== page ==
Toile Fabrics often tell a story and have beautiful, detailed vignettes amidst tangles of foliage and floral embellishments.
A Brief history of Toile
Toile fabric was made popular in Europe during the 18th century. This style originated in the United Kingdom and spread to France. The most iconic toile fabrics are those referred to as Toiles de Jouy. The "Jouy" in Toile de Jouy refers to the original and most successful manufacturer of these distinctive printed fabrics located in Jouy-en-Josas, France. The pioneer of these fabrics was Christophe Phillipe Oberkampf (1738-1815). Oberkampf's location was chosen well as it was situated near the palace at Versailles. Aristocratic ladies on their way to court often eyed these interesting pieces spread out in the sun to fix the colors. Royal visits followed and the title of “Maufacturer Royal" was soon granted to Oberkampf. Oberkampf’s factory manufactured these wonderful prints between the years 1760 to 1843. In 1976 the Musee Oberkampf was opened on the original site of the factory. If ever you get a chance to visit, I can’t recommend it highly enough!
There were other popular printing areas in France around Oberkampf's time, one of which was located in Nantes. This region also produced some wonderful toiles, some of which you will see on my online stores.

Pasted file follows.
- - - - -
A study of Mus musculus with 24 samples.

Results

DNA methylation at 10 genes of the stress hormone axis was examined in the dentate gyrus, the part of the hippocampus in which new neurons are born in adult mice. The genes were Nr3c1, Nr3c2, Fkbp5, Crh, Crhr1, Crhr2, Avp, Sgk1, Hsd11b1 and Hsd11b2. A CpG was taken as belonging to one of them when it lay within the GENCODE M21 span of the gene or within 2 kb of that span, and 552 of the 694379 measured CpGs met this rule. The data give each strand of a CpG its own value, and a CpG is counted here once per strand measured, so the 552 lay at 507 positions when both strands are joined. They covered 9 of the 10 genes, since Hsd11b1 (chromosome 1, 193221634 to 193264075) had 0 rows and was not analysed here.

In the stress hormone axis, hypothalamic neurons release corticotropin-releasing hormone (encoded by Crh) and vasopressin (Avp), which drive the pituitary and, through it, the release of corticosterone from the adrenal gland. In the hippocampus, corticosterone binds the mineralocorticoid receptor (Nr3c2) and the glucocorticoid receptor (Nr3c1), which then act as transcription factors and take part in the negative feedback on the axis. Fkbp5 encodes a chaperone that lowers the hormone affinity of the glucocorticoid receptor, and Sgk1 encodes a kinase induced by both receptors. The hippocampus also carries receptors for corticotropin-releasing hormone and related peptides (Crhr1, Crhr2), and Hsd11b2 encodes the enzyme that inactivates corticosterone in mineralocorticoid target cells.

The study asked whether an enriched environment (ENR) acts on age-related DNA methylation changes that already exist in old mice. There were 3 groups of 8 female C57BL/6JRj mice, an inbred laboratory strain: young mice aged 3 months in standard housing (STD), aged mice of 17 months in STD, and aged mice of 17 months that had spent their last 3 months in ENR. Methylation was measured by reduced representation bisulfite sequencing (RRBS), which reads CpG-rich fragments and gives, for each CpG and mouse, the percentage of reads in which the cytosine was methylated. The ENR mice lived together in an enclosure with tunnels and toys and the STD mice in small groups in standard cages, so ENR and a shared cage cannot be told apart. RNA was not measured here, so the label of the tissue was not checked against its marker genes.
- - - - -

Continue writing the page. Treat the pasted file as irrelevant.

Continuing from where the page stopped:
Qualities of These Textiles
Toile prints took their inspiration from Indian cotton prints. Although many of us have come to know toile Fabric as monochromatic bucolic scene patterns, they actually included many beautiful floral dress fabrics as well. Around thirty thousand floral patterns were produced at the Toile de Jouy factory alone during Oberkampf's time. The predominant color of 18th century toiles is monochrome red, with the occasional and rare blue toile. Sepia and mauve dyes became popular in the early 19th century. The configuration of the design tells the story of the printing technique: a hand-block printed design will be based on repeats of squares and if you look carefully, you can sometimes see where each block begins. Copper rollers are not limited to this repeat and can be much bigger and stretch from edge to edge. There is a certain feel of the textile in the hand, but with time and experience a collector will be able to gauge (sometimes without being able to say exactly why!) a textile feels of a certain era.
My collection of toile fabric comes in a range of shapes, ages and sizes. Sometimes they are quilted, sometimes they are fragments of panels or valances. These wonderful textiles make stunning display pieces, and some even deserve framing! They make beautiful decorative pillows, framed pieces and curtains. Pieces that have remained intact can be used as they were originally intended. Above you can see an 18th century four-poster toile bed set I found intact!